First order of business: a

Mexican Falmouth England



Every Mexican is a foodie, by estadounidense standards, at least. Barring French, fusion, or the latest foreign cuisine (Arab restaurants seem to be making popular headway), the best food in the country is available to all income levels, served on the street. Mexicans love to talk about food, recommending this or that tianguis, swearing allegiance to regional dishes that have become national emblems: Oaxacan mole or Yucatecan cochinita pibil.

The is the story of the emblem-dish of the small desert-and-forest state of Hidalgo, which lies about an hour and a half outside Mexico City, at an even higher altitude than the capital (Real del Monte lies 10, 000 feet above sea level and is the highest town in the country). Its tidy, palm-studded capital, Pachuca, anchors a scattering of smaller municipios making up the rest of the state. There were gold and silver mines here from almost the day the first Spaniards arrived—Real del Monte’s true name is Mineral del Monte—and they operated, with only brief interruptions at hundred-year intervals for wars of Independence and Revolution, until the last one closed in 2004.

Those mines are what first brought the Cornish to Hidalgo. In 1825 an expedition of sixty men left from Falmouth, Cornwall, in the far southwestern tip of England, for Mexico, with 1500 tons of mining equipment, set on reviving the abandoned mines around of Pachuca. Half of them died of yellow fever along the way, but at the end of a fourteen-month journey, they arrived at Real del Monte. They stayed there for most of a century, until the decade of instability around the Mexican Revolution drove their descendants away.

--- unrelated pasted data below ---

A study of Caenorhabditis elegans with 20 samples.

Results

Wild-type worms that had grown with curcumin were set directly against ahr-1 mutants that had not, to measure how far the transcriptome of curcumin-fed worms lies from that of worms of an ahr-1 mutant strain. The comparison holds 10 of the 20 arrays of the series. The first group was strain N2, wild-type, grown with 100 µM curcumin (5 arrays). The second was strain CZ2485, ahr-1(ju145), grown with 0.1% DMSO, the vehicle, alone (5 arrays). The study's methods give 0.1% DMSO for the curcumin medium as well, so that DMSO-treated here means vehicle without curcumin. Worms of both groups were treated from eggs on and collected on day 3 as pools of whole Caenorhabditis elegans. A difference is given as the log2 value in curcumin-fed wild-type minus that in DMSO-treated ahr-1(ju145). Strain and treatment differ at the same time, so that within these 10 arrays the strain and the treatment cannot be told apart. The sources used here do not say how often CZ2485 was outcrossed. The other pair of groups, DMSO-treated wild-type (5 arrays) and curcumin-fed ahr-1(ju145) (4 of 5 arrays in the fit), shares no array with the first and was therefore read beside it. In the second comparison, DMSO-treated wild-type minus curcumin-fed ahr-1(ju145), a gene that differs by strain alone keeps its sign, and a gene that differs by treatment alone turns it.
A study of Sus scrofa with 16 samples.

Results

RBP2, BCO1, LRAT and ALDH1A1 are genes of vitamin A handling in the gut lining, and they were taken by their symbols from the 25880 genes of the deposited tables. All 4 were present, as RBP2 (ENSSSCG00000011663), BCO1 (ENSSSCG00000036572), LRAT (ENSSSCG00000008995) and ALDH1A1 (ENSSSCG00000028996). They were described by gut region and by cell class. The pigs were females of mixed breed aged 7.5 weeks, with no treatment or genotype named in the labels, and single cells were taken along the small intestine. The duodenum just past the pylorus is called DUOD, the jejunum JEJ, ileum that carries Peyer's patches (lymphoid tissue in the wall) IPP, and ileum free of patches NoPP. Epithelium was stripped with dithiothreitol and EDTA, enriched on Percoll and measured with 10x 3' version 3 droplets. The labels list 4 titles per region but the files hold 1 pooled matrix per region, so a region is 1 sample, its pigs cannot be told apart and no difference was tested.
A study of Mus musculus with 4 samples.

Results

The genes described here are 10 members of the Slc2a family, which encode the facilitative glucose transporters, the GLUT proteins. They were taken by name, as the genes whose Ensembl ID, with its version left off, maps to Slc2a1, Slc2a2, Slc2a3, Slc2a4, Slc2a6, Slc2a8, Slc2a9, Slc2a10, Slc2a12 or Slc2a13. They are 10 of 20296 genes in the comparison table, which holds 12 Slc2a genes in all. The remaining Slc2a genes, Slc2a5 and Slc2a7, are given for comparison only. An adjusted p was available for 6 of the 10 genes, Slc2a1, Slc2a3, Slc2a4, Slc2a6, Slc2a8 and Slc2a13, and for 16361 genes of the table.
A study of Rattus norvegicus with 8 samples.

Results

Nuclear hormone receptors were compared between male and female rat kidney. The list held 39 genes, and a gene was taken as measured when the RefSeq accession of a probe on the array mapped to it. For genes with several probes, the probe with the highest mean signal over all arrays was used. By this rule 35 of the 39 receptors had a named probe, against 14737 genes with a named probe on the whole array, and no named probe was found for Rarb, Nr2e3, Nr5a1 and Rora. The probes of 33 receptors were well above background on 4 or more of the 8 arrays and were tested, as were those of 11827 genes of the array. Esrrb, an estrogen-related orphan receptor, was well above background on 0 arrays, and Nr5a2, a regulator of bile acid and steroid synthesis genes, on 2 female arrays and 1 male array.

As they fled, however, they left a fair amount of their culture behind. Notice the tidiness of Pachuca, and the peculiar attention to residential gardening. Yes, there are trees and shrubbery throughout all parts of Mexico, often guarded against dog urine with a barrier of plastic water bottles (the animals shy from their reflection). But in Pachuca there are roses. Little lawns. Parts of the city look not at all unlike areas of West Los Angeles.

Notice the red pitched roofs, another Cornish import, as you make the windy twenty-minute journey uphill from the semi-desert of Pachuca to the high forest of Real del Monte.